English Atlantic Writing Group
Meetings will be held at 6 p.m. on the first Wednesday of each month during the academic year. The Red Lion Pub, 2446 N. Lincoln Ave. in Lincoln Park (not to be confused with the Red Lion, Lincoln Square) will be our host. Please contact Peter Kotowski (firstname.lastname@example.org) for copies of the papers or with any questions.
October 19th: Charles Foy, Eastern Illinois University, “African Antecedents of American Maritime Culture.”
November 17th: Steven Pincus, Yale University, "Political Economy, Slavery, Patriot Politics and the War of Jenkins Ear."
December 7th: Scott Sowerby, Northwestern University, “Martial Tolerance: Catholics and Protestants in the Royalist Armies of the English Civil War, 1642-1646.”
February 1st: Kelly Schmidt, Loyola University Chicago, "Without Slaves and Without Assasins: Transnational Jesuits and the Challenges of Race and Slavery in Antebellum Cincinnati."
March 1st: Kristin Condotta Lee, Tulane University, “Consuming Bodies in Irish New Orleans, 1769-1820.”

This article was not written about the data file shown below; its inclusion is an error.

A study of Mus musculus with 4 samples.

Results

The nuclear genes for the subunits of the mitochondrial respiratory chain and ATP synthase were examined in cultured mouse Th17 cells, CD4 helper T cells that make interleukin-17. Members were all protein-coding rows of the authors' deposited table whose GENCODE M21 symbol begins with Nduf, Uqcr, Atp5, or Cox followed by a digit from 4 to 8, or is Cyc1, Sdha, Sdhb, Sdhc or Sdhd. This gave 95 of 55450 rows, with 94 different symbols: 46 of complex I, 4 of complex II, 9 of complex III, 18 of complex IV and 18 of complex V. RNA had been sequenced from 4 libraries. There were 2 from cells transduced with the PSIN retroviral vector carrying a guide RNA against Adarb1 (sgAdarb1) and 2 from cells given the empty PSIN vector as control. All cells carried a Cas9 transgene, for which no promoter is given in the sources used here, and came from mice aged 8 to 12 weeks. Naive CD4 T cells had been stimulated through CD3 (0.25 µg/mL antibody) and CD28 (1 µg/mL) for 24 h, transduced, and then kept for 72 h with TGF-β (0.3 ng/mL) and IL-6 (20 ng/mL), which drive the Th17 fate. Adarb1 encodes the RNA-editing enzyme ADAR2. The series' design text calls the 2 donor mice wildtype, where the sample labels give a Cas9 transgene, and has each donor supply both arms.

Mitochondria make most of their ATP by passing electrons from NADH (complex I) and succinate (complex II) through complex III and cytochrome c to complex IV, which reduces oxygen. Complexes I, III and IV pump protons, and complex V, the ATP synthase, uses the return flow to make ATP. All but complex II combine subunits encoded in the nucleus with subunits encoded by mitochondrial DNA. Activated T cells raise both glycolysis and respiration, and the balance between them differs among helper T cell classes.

April 12th: Bryan Rindfleisch, Marquette University, “’Possessed of the most Extensive Trade, Connexions, and Influence’: George Galphin and the Power of Intimacy in Early America.”
May 3rd: Nathan Jeremie-Brink, Loyola University Chicago, "Black Print in Motion: Prince Saunders' Atlantic Abolitionism, Distribution of Haitian Texts, and Project of African American Mobility."
Spring 2016 Papers -
February 3rd: Seth Cotlar, Willamette University, “We Have No Wish Not to See: Nostalgic Local Historians and the Unlikely Origins of a Modern Historical Sensibility.”
March 2nd: Amy Oberlin, Loyola University Chicago, “Court Passions: Chaplains, Bishops, and the Enlightenment in the Early Eighteenth Century.”
April 6th: Thomas Apel, Menlo College, “Cities in Distress: Matthew Carey’s Short Account and the Archaeology of the Plague Narrative.”
April 20th: Michael Goode, Utah Valley University, “Our Weapons of Warfare are not Carnal: The Keithian Schism and the Violence of Peace.”
Fall 2015 Papers -
September 9th: Jeffrey Glover, Loyola University Chicago, “Slavery, Abolition, and the Laws of War.”
October 7th: Ian Saxine, Northwestern University, “Properties of Empire: Indians, Colonists, and Land Speculators on the Maine Frontier, 1713-1763.”
November 4th: Mark Boonshoft, Early American Manuscripts Project, New York Public Library, “Creating the Myth of Meritocracy: Education in the Early Republic.”
December 2th: Nicole Dressler, Northern Illinois University, “The ‘Most Humane and Effectual Punishment We Have’: Moral Sentiment and the Eighteenth-Century British Convict Trade."